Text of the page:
The effect of tax changes on consumer spending
Many supporters of the tax cut enacted this summer viewed it as an important stimulus to consumer spending. But an analysis of the effects of earlier income tax cuts suggests that the consumer response to such initiatives is, in fact, quite variable. Two conclusions stand out: First, consumers will be more likely to boost spending if the change in tax liabilities is permanent. Second, consumers will wait to increase spending until a tax change affects their take-home pay.
Industry restructuring measures and productivity: evidence from the 1980s
This paper analyzes the empirical relationship between corporate restructuring and productivity. We estimate neoclassical production functions and factor demand functions to analyze the importance of restructuring in improving resource allocation and productivity. We find, at most, restructuring may have spurred the substitution of capital for labor in some industries, helping to set the stage for increased labor productivity. However, there is little evidence that restructurings, themselves, aided in the improvement of true technological progress.
Trends and developments in the economy of Puerto Rico
A two-year-long economic downturn and a persistent income gap with the U.S. mainland contribute to an uncertain outlook for Puerto Rico. Still, the commonwealth possesses a skilled and educated workforce, a favorable business climate, and the benefits of U.S. legal and financial structures - advantages that could encourage the development of new industries and create the potential for sustained growth.
The determinants of private saving
The predictive abilities of the New York Fed's Empire State Manufacturing Survey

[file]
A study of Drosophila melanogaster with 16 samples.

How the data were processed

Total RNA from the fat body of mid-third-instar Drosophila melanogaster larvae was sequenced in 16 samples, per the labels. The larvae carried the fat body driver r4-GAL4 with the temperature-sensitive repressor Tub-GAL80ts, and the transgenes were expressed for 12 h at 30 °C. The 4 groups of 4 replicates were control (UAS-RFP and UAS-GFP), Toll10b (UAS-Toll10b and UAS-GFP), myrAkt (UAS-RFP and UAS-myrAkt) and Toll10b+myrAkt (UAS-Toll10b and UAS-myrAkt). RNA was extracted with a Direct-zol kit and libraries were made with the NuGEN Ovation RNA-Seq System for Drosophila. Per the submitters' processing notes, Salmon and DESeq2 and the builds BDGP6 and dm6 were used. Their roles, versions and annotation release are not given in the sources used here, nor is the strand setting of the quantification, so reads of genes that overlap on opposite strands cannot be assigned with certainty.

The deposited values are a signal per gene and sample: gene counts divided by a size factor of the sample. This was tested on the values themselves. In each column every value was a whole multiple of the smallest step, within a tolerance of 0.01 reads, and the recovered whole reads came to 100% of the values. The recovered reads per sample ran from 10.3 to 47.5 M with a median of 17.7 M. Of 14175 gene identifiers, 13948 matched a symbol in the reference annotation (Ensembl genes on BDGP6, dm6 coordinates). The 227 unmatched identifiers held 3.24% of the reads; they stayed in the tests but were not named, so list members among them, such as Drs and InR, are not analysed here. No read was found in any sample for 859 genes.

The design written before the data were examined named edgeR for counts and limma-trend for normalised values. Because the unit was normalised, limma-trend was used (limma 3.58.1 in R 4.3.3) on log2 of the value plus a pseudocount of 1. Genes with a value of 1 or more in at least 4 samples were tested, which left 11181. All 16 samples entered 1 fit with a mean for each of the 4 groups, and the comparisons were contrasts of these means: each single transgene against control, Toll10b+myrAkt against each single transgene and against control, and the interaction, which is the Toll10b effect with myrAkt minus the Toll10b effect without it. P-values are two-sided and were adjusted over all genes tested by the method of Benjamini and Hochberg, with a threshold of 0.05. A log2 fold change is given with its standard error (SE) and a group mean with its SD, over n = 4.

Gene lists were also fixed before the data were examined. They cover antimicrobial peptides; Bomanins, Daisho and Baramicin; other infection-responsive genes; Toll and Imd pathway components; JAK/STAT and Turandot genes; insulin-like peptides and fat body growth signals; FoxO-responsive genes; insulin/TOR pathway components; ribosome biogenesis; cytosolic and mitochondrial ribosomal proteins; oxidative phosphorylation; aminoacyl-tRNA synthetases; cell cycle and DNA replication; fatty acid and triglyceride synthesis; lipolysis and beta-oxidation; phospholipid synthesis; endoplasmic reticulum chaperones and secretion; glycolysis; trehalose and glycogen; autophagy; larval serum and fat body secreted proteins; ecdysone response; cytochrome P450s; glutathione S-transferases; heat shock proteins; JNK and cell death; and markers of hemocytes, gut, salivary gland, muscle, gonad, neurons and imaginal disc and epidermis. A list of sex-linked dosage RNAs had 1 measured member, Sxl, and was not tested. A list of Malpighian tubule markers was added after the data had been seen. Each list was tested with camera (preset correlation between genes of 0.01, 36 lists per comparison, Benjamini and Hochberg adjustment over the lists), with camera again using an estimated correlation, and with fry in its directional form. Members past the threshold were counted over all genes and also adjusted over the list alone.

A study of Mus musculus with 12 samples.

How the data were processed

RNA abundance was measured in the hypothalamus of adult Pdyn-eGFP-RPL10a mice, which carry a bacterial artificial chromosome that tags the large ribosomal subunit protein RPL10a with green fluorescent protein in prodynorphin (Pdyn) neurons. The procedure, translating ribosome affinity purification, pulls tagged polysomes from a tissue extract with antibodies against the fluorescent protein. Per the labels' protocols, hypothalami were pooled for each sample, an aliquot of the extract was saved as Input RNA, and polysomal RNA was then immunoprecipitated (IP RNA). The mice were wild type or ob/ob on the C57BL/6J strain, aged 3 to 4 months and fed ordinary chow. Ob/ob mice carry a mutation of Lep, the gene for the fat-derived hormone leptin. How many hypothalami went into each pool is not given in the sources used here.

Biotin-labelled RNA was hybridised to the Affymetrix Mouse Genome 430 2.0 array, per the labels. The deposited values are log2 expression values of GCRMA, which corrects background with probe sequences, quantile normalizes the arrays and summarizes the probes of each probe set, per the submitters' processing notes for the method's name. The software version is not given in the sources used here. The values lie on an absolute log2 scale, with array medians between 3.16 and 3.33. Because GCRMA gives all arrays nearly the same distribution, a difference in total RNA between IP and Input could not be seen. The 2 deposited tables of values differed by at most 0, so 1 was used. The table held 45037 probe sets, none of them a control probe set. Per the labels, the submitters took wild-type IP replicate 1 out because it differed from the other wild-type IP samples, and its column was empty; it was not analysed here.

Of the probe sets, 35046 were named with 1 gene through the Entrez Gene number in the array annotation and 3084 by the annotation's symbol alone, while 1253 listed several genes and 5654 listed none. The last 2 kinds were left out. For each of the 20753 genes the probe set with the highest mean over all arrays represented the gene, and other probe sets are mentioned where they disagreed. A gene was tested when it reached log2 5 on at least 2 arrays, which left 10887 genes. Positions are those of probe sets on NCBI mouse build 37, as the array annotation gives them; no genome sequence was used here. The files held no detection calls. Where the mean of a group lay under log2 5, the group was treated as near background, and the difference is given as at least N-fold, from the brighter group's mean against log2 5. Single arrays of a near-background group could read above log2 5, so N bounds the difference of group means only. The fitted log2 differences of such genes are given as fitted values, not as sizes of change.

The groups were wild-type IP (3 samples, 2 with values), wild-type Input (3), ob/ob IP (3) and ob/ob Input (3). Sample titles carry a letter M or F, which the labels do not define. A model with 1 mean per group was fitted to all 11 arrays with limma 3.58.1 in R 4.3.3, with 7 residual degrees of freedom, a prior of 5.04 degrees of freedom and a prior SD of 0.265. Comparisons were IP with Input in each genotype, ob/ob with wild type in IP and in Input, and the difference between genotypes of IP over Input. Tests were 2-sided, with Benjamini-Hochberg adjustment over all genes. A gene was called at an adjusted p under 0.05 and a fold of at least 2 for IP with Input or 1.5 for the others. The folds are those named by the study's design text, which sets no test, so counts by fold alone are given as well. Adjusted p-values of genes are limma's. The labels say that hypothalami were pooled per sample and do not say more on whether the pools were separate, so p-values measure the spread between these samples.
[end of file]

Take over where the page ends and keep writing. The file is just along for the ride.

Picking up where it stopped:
Business surveys often give early signals of the direction and magnitude of economic activity. One release, the relatively new Empire State Manufacturing Survey, is demonstrating an ability to provide information ahead of U.S. production and employment trends. In fact, the predictive power of this survey appears to be at least equal to that of two established manufacturing surveys. This issue is part of the Second District Highlights series.
Housing activity, home values, and consumer spending
The current expansion has seen record-high levels of transactions in housing, extraordinary growth in the aggregate value of owner-occupied housing, and large increases in the amount of funds realized from the refinancing of mortgage debt. Many analysts thus have pointed to the strong housing market and rising home prices as a major pillar supporting recent economic growth and have expressed concern that a contraction in housing activity and values could pose a significant risk to consumer spending and real economic growth. This paper explores the channels by which the housing market may ...
Do alternative measures of GDP affect its interpretation?
Gross domestic product's high correlation with unemployment and inflation makes it a key measure of the U.S. economy. Yet the somewhat arbitrary nature of the GDP construction process complicates interpretation and measurement of the indicator. A study of an alternative measure of GDP designed to address the published series' limitations finds that the adjusted measure differs in its representation of the long-term trend--but not the short-term fluctuations--of GDP. The published series' relevance as an indicator is therefore robust to some of the arbitrariness of its construction.